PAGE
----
A while back I wrote about Opscode and Chef. After futzing with it and trying to reverse engineer an existing server into chef recipes, I concluded that it was more trouble than it was worth. Fast forward two years and I’m finally doing a full rebuild of the server stack in question. I decided I’d give Chef another try, and I’m quite glad I did.
For most of us, the overall theory of automated server setup is easy to understand, so I won’t try to extoll all the virtues of Chef. Instead I’ll just try to hit a few of the pros and cons that I encountered and why I think it’s ultimately worth the time investment.
Bootstrapping an EC2 instance with knife is almost magical. Run the knife CLI command, go wander around for a couple minutes, and when you come back your server is up. All your packages are installed, users created, services configured, and so on. It doesn’t sound that magical until you see it, but trust me, it’s really sweet.
Tweaking some basic shell environment settings can make working on a server so much nicer. Things like automatically exporting RAILS_ENV, changing your prompt to show the node role, or adding some handy bash aliases. If you’re like me, you add these tweaks on some servers and forget on others and it’s a source of constant frustration. With Chef, you can put these tweaks into a recipe and include that on all your nodes. When a new node boots, these tweaks are all applied automatically.
Clone Environments Quickly
While this is easy to understand, I think most people probably overlook the time savings here. For my current task, I built a staging server setup with Chef, complete with separate subdomains, user credentials, databases, etc. Doing it with Chef took slightly more time than doing it by hand. However, when I’m done testing on the staging server and want to boot to production, Chef (as of 10.10) supports the concept of environments and can boot the same recipes in a different context. More precisely, it will use all the production settings, all the way down to setting up the correct subdomains in the Apache vhost file. I’m guessing it will save me probably 10 hours of boring “futzing” (apt-get installs, apache config settings, etc.) Implicit here is the up-front savings of not explicitly documenting everything. If you’re like me, you try to document your server stack, but it winds up on a wiki page that never gets updated and then you can’t even find it 3 years later when you actually need it. No longer a problem with Chef, as the recipes are the documentation.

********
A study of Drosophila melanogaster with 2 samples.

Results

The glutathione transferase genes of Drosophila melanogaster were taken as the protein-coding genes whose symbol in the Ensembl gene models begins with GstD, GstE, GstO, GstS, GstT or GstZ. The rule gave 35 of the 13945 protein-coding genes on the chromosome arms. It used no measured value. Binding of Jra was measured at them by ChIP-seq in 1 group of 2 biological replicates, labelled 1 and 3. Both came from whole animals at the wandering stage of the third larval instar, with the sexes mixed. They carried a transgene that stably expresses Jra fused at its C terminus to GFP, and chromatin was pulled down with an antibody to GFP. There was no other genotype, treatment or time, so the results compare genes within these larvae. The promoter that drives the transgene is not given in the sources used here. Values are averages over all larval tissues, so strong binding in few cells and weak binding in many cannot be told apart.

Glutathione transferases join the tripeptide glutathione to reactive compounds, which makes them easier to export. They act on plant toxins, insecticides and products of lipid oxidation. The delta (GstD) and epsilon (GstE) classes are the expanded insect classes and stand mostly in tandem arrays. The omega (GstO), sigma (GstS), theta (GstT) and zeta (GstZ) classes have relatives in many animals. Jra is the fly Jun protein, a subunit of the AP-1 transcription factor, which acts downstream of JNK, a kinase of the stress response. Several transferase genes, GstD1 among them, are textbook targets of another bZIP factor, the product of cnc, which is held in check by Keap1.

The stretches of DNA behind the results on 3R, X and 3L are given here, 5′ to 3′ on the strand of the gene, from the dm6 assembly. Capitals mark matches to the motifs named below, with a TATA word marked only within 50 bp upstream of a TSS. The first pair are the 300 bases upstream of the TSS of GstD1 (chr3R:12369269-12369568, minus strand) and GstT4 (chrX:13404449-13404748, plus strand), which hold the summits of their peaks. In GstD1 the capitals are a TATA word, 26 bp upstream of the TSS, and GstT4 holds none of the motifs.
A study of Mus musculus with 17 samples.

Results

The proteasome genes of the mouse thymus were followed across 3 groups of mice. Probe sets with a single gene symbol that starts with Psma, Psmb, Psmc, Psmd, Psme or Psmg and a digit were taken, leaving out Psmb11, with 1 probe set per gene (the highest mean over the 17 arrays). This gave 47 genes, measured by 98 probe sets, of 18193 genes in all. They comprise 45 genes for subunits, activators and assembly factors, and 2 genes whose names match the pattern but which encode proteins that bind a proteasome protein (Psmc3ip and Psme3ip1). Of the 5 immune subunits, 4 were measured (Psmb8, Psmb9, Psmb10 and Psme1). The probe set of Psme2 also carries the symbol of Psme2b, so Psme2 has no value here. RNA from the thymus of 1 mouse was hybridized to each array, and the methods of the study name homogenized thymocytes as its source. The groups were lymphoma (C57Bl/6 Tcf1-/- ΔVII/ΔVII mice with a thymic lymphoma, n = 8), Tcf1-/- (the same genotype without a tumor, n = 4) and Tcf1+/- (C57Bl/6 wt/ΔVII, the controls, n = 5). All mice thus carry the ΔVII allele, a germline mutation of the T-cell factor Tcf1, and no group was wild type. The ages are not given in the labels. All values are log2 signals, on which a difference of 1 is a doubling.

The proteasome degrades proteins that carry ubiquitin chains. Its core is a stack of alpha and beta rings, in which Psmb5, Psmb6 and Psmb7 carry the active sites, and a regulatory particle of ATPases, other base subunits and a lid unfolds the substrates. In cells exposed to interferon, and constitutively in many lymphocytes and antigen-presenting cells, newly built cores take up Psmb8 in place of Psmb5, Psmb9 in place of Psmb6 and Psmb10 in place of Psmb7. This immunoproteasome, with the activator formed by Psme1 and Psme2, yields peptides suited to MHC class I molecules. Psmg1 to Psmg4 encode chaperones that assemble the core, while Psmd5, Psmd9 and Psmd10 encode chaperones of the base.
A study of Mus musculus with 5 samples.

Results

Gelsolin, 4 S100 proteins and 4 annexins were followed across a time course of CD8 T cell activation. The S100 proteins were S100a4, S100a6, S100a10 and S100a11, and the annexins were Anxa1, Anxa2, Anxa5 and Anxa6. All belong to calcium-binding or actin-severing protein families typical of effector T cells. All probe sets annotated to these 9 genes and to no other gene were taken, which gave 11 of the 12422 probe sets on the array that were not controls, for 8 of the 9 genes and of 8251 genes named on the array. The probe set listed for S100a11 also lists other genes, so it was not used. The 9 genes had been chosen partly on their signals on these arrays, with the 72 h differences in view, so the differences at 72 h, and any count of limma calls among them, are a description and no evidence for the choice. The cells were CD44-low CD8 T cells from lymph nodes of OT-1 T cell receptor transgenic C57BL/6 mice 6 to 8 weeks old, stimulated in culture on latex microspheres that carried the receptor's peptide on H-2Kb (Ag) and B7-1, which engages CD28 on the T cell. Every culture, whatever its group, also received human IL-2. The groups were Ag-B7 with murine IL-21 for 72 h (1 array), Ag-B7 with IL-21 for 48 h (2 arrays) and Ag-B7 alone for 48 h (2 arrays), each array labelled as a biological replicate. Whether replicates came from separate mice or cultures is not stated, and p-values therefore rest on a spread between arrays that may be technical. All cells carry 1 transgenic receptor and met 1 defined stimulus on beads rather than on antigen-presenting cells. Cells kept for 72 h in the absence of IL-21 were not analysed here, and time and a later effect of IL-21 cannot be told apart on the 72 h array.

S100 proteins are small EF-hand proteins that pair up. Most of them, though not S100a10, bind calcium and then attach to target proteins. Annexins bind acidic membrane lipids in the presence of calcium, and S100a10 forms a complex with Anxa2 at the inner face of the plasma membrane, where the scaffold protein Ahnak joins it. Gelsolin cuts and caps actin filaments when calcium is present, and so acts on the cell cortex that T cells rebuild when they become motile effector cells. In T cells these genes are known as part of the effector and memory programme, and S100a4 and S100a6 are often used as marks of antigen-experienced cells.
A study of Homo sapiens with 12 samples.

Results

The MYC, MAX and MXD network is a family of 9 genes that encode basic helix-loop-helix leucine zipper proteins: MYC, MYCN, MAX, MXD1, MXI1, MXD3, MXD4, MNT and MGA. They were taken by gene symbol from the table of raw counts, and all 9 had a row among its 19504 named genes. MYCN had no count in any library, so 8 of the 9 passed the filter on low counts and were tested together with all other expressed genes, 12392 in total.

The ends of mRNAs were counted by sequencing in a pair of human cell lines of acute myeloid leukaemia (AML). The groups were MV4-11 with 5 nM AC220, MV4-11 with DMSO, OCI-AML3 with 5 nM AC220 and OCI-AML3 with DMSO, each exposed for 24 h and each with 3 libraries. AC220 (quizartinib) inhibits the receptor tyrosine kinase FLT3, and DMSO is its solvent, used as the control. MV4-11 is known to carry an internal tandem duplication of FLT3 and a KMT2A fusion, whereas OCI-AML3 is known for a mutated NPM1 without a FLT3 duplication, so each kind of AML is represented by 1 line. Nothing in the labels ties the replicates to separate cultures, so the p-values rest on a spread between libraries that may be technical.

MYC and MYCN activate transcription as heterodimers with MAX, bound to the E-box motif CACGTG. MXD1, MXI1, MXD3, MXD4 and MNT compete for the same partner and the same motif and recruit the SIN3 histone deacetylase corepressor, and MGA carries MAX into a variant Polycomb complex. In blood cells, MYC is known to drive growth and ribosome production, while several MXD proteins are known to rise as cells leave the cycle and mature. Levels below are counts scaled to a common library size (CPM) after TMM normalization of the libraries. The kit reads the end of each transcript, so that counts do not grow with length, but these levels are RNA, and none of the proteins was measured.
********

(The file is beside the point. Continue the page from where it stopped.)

The Opscode platform is free for up to 5 nodes. If you have a fairly simple site (like me) then 5 should be enough. The price climbs sharply after that, but if you have a big dynamic infrastructure, it’s definitely worth the cost.
Still Not Heroku
Pushing to Heroku is still much, much easier than setting up your own server stack, even with Chef. If Heroku is an option, it’s hard to argue for setting up your own stack. But often Heroku isn’t an option, whether you need some funky software setup, or even just to save money. If Heroku is out of the picture, then Chef should be at the top of your list.
Opscode Data Bag Security
Chef will need lots of authorization credentials in order to set everything up. Think of all the passwords you have in your YAML configs and you have a basic idea. You can either check them into your repo (which conventional wisdom says is a no-no), or you can keep them in data bags on the Opscode system. I went the data bag route and it works very smoothly. However, that means the keys to the kingdom are stored somewhere on Opscode’s servers. If someone were to compromise Opscode’s database, it would be a very bad day for me. I’m curious if anyone else has advice on how to balance security and convenience with respect to getting all your credentials into your Chef runs.
Update: As mentioned in the comments below, this issue is directly addressed by encrypted data bags. So, that’s one less thing to worry about!
I am extremely pleased with Chef and the Opscode platform. It was no slower than doing everything by hand, and the knife/EC2 integration actually seemed faster to me than my previous experiences with trying to bootstrap EC2 nodes. My entire stack is stored in the repo along with the application code, and it’s easy to follow along and understand. If I were tasked tomorrow with setting up a new server stack, Chef and EC2 would be the first two tools I reached for in the toolbox.